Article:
Ethan R. Okura


In November 2017, I wrote an article about the proposed Tax Cuts and Jobs Act (TCJA). There were quite a few changes laid out in the proposed new law and there has been a lot of confusion as the bill went through several revisions before finally being passed into law. Many of the initially proposed changes were not implemented as originally expected. Last Month I wrote about how the new law temporarily doubles the estate tax exemption letting each of us give away during life, or pass away owning, up to $10 million (adjusted for inflation) without any gift or estate tax. Today we will talk about some of the income tax aspects of the law and how they might affect us today.

The old tax rates for the various brackets were 10%, 15%, 25%, 28%, 33%, 35%, and 39.6%. The new rates are 10%, 12%, 22%, 24%, 32%, 35%, and 37%.  Most taxpayers will do better with the new brackets and rates, with a few exceptions. For example, individuals with income over $157,500 will be bumped up from the 28% rate to the 32% rate, and those with income over $200,000 will be bumped up from the 33% rate to the 35% rate. For married couples filing jointly, the only ones who will pay more are couples making between $400,000 and $416,700. They will get bumped up from the 33% bracket to the 35% bracket.

Some other big changes that will affect many is the doubling of the standard deduction to $12,000 (single), $18,000 (head of household), and $24,000 (married filing jointly); and the elimination of many other deductions that were previously available. Personal and dependent exemptions are eliminated. Miscellaneous itemized deductions subject to the 2% floor such as tax preparation expenses and employee business expenses have been eliminated. Personal casualty and theft losses are also eliminated. Alimony payments under new divorce decrees established after Dec 31, 2018, are not deductible. And moving expenses are no longer deductible (except for active-duty military who have orders to relocate).

Some deductions have just been limited or modified, such as a $10,000 total cap on deductions for State and local income, sales, and real property taxes paid. Home equity loan interest is no longer deductible, and interest on new mortgages taken out after December 14, 2017 is only deductible for up to $750,000 worth of mortgage principal borrowed. Interest on pre-existing mortgages that were new or refinanced before December 15, 2018 will continue to be deductible for up to $1,000,000 of mortgage principal borrowed.

Two positive moves in itemized deductions are regarding charitable contributions and medical expenses. Donations to charities used to be limited to 50% of your adjusted gross income (AGI), now you may deduct up to 60% of your AGI for charitable contributions. Medical expenses (such as doctor, chiropractic, psychiatric, dental, and vision care; prescription medicines, glasses, contacts, hearing aids, dentures; and long term care nursing home expenses) which are not reimbursed by any insurance are deductible to the extent that they exceed 7.5% of your AGI. Prior to this new tax law change, only your medical expenses in excess of 10% of AGI would have been deductible for 2017 and on. This reduced 7.5% hurdle is good for 2017 and 2018. Starting in 2019, we will only able to deduct medical expenses over 10% of AGI.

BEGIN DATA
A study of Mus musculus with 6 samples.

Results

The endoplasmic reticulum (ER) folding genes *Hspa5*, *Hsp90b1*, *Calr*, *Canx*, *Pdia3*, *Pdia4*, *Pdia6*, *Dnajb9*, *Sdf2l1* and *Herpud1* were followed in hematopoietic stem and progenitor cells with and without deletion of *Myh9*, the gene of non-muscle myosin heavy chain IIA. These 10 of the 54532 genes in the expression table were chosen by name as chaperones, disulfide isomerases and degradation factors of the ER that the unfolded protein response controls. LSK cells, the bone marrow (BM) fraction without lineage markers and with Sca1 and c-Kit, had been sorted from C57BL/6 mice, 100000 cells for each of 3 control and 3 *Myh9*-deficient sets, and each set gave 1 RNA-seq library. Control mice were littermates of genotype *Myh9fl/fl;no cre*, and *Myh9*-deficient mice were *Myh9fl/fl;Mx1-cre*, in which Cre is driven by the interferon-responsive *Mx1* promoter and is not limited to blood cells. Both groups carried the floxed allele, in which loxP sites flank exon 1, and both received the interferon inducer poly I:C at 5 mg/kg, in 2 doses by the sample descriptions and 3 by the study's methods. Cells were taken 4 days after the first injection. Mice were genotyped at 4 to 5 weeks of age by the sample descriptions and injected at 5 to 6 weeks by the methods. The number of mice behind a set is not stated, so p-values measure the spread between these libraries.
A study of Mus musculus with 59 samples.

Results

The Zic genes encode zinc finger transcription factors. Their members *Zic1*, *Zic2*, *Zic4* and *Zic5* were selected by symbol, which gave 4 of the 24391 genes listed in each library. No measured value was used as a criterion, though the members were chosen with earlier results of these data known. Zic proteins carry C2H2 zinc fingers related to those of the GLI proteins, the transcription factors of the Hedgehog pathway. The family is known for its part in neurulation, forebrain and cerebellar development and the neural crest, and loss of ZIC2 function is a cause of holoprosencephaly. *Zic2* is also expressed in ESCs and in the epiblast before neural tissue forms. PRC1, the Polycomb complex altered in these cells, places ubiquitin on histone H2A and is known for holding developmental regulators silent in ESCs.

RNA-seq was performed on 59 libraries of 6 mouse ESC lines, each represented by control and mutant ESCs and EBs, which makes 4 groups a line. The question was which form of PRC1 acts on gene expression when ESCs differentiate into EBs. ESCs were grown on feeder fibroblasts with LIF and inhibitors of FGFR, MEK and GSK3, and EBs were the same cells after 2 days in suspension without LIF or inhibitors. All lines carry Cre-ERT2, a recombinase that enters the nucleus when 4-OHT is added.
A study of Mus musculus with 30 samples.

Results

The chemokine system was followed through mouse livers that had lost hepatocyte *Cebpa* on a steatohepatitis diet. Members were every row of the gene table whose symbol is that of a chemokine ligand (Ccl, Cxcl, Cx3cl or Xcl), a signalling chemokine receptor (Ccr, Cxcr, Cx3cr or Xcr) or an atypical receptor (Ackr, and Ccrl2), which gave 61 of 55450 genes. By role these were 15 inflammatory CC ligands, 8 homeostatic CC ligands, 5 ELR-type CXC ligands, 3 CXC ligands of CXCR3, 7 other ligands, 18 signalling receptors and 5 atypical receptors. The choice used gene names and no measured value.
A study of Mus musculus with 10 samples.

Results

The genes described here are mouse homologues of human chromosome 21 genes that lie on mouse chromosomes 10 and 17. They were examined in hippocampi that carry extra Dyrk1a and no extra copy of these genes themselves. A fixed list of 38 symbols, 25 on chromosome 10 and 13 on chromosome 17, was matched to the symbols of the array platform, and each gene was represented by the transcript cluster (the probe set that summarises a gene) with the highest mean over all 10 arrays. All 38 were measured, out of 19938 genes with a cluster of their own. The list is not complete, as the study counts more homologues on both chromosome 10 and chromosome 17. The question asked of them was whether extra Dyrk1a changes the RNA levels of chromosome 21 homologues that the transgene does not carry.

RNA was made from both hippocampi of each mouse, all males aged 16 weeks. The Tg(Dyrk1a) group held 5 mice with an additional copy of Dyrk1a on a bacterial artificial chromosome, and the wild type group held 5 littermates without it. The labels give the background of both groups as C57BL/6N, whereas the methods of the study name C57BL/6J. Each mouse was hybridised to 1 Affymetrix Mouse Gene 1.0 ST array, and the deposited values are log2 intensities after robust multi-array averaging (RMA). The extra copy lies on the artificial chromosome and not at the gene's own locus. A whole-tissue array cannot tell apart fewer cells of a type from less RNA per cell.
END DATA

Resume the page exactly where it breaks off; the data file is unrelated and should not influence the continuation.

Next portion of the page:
Another benefit is the elimination of the tax penalty assessed under the Affordable Care Act (Obamacare) for not getting health insurance. The penalty will still apply for 2017 and 2018, but starting in 2019, individuals may choose to not obtain individual health insurance and pay no tax penalty.

The final major benefit that can affect many small business owners is the 20% deduction on Qualified Business Income from a sole proprietorship, partnership, or S-Corporation, (or an LLC that elects to be taxed as any of the above). The rules related to the Qualified Business Income deduction are a bit complicated, but if you do own or want to start a small business, you could benefit from some tremendous tax savings under this new deduction. Please see a qualified attorney or tax specialist to plan on how to best take advantage of this opportunity.

So we see that there are a lot of changes with this new tax law, most of which are set to expire at the end of 2025. After that, most of these itemized deductions rules will return to the previous version, starting in 2026, unless Congress acts to extend portions of this law.